Posted on: Sunday, May 9, 2010

Soccer: Casey not sweating a spot on U.S. World Cup squad

AP Sports Writer

COMMERCE CITY, Colo. With each strum of his guitar, the squandered scoring chances fade away for Colorado Rapids forward Conor Casey.

Music has become an escape for Casey, a way to keep soccer from consuming him.

Playing a few guitar riffs helps him relax, not worry about the little things out of his control - such as whether or not he'll make the U.S. World Cup team.

These days, that's all he hears about, all he's ever asked. Casey insists he's at peace with whatever decision U.S. coach Bob Bradley makes concerning his roster.

If Casey joins the squad bound for South Africa, great. Maybe he'll even bring along his guitar.

If not, so be it. He'll take a vacation.

He's become rather ambivalent on that topic, refusing to raise his hopes.

"You don't really have expectations for anything, you're not going to be let down," Casey said. "Of course I want to make the team. I'm just not expecting it."

He will find out his fate soon enough, with Bradley set to announce his 26-to-28-man training camp roster Tuesday, with players starting training May 17 at Princeton, N.J. By the time the team leaves May 30 after exhibitions against the Czech Republic and Turkey, the U.S. will be down to the 23-man limit.

"There's no doubt in my mind that he should be a part of that group," Rapids coach Gary Smith said.

Casey, 28, has 20 career appearances with the U.S. national team, including a two-goal performance against Honduras last October that helped the Americans clinch a spot in the World Cup.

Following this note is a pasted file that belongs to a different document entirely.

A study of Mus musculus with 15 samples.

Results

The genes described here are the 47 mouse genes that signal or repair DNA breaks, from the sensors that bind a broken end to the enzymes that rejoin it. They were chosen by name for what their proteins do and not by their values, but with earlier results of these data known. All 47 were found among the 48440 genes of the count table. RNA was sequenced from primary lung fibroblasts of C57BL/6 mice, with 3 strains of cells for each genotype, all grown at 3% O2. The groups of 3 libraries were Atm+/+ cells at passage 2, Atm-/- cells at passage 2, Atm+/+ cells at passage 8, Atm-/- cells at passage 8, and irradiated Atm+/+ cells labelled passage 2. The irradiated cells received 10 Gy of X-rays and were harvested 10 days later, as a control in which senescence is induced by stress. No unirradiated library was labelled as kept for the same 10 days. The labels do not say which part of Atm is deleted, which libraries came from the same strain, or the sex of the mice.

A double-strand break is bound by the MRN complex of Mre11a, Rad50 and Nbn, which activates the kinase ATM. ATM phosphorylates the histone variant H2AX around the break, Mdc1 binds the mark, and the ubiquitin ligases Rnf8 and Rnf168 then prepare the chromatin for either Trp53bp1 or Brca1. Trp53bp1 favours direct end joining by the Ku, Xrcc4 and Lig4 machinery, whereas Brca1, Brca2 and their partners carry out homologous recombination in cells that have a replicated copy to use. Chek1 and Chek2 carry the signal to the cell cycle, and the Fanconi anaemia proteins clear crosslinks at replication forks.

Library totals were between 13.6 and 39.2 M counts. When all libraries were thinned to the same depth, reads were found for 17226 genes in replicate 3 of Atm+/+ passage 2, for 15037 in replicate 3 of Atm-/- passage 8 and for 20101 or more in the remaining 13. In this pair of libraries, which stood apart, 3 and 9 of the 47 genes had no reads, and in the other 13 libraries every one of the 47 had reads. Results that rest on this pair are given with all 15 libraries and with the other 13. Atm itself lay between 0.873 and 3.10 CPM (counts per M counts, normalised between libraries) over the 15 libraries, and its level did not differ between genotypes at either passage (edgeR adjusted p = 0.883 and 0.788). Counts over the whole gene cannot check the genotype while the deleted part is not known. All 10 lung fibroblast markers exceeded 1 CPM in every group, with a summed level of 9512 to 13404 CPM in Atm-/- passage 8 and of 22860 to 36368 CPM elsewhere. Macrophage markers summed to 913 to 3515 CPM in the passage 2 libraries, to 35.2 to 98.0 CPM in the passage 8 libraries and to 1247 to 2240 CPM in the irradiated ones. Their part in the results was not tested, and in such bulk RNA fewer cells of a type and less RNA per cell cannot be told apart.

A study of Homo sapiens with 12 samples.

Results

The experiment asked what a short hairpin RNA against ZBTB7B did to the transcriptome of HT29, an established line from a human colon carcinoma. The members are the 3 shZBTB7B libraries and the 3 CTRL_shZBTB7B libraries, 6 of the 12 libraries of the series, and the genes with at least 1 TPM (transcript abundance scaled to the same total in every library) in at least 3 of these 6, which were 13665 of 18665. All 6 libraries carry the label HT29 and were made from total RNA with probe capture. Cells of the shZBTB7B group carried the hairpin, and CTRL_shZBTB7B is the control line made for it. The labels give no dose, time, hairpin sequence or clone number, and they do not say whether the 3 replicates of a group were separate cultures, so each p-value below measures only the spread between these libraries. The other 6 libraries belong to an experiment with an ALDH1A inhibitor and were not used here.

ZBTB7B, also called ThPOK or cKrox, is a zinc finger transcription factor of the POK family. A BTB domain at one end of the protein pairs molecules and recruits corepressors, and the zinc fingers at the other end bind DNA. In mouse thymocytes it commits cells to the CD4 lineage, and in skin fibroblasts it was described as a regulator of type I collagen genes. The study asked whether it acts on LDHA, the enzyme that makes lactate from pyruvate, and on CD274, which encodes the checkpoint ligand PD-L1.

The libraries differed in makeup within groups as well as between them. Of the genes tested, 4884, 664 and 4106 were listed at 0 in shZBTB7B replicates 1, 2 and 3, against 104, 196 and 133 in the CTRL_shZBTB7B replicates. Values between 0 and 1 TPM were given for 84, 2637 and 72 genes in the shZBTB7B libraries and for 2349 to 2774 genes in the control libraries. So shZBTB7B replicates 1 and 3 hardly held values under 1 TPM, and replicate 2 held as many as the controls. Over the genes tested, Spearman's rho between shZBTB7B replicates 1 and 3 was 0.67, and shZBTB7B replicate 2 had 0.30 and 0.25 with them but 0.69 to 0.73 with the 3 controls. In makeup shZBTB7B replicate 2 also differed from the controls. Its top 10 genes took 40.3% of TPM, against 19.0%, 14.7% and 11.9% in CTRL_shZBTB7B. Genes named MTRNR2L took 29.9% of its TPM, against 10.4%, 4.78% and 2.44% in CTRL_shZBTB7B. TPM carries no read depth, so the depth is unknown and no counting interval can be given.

Still, he's in a fierce fight for one of the final spots at forward, contending with players such as the Los Angeles Galaxy's Edson Buddle, Puebla's Herculez Gomez the Houston's Brian Ching, who was in uniform Saturday for the first time since injuring his hamstring April 1 but did not play.

Just how this plays out, Casey has no clue. He's viewed as the same type of player as Chin g, both target forwards, and Bradley may take just one. Then there's Gomez and Buddle to consider, both of whom are having fantastic springs.

"I think I've played pretty consistently over the last couple of years, done well when I've been in camp," Casey said. "But I don't make the decisions."

The drawback with Casey this season has been his dearth of goals.

Sure, he leads the Rapids in scoring. But all three have come courtesy of a penalty kick, no flying headers or twisting left-footed shots to show for his work.

Even more, his last six goals have come through penalty kicks, tying a league record set by Greg Vanney a decade ago. Casey's last goal not off a penalty kick was last September during a season in which he set a franchise record with 16 goals.

"I'm not really sweating it," said Casey, who grew up in Denver and signed a three-year deal with Colorado in March. "As a forward, you want to score. You don't really feel like you're doing you r job."

Buddle, on the other hand, is scoring in bunches as he leads Major League Soccer with nine goals, helping the Galaxy to a league-best 7-0-1 record. Asked what Buddle brings to the field, Galaxy captain Landon Donovan just grinned and said, "A lot."

"He's done a great job this year," Donovan said Wednesday night after his team's 1-0 win over the Rapids at Dick's Sporting Goods Park.

Surely Buddle's smooth play has earned him a place on the squad, right?

"Out of my hands," said Buddle, who turns 29 later this month. "We'll see what happens."

While this has been a rough start, scoring wise, to the season for Casey, he feels he's on the brink of a breakout. Every part of his game feels consistent - except, of course, the finishing aspect.

"When you're a forward, you have times when everything is going in and you have times where nothing seems to want to go in," he said. "You've got to keep working on it and hoping you get that turned."

That's where guitar therapy plays a role.

He doesn't analyze film, looking for moves he could've made to score. That causes Casey to overthink.

So instead of lending any credence to a prolonged slump, he plays Creedence Clearwater Revival on his guitar to tune out any distractions.

Lately, he's been mastering the chords to the Creedence song "Lodi," a tune he found so catchy that he named his dog, a German Shepherd/border collie mix, after it.

"It's getting there," Casey said.

He was talking about his guitar playing, but the same can certainly be said of his play on the field.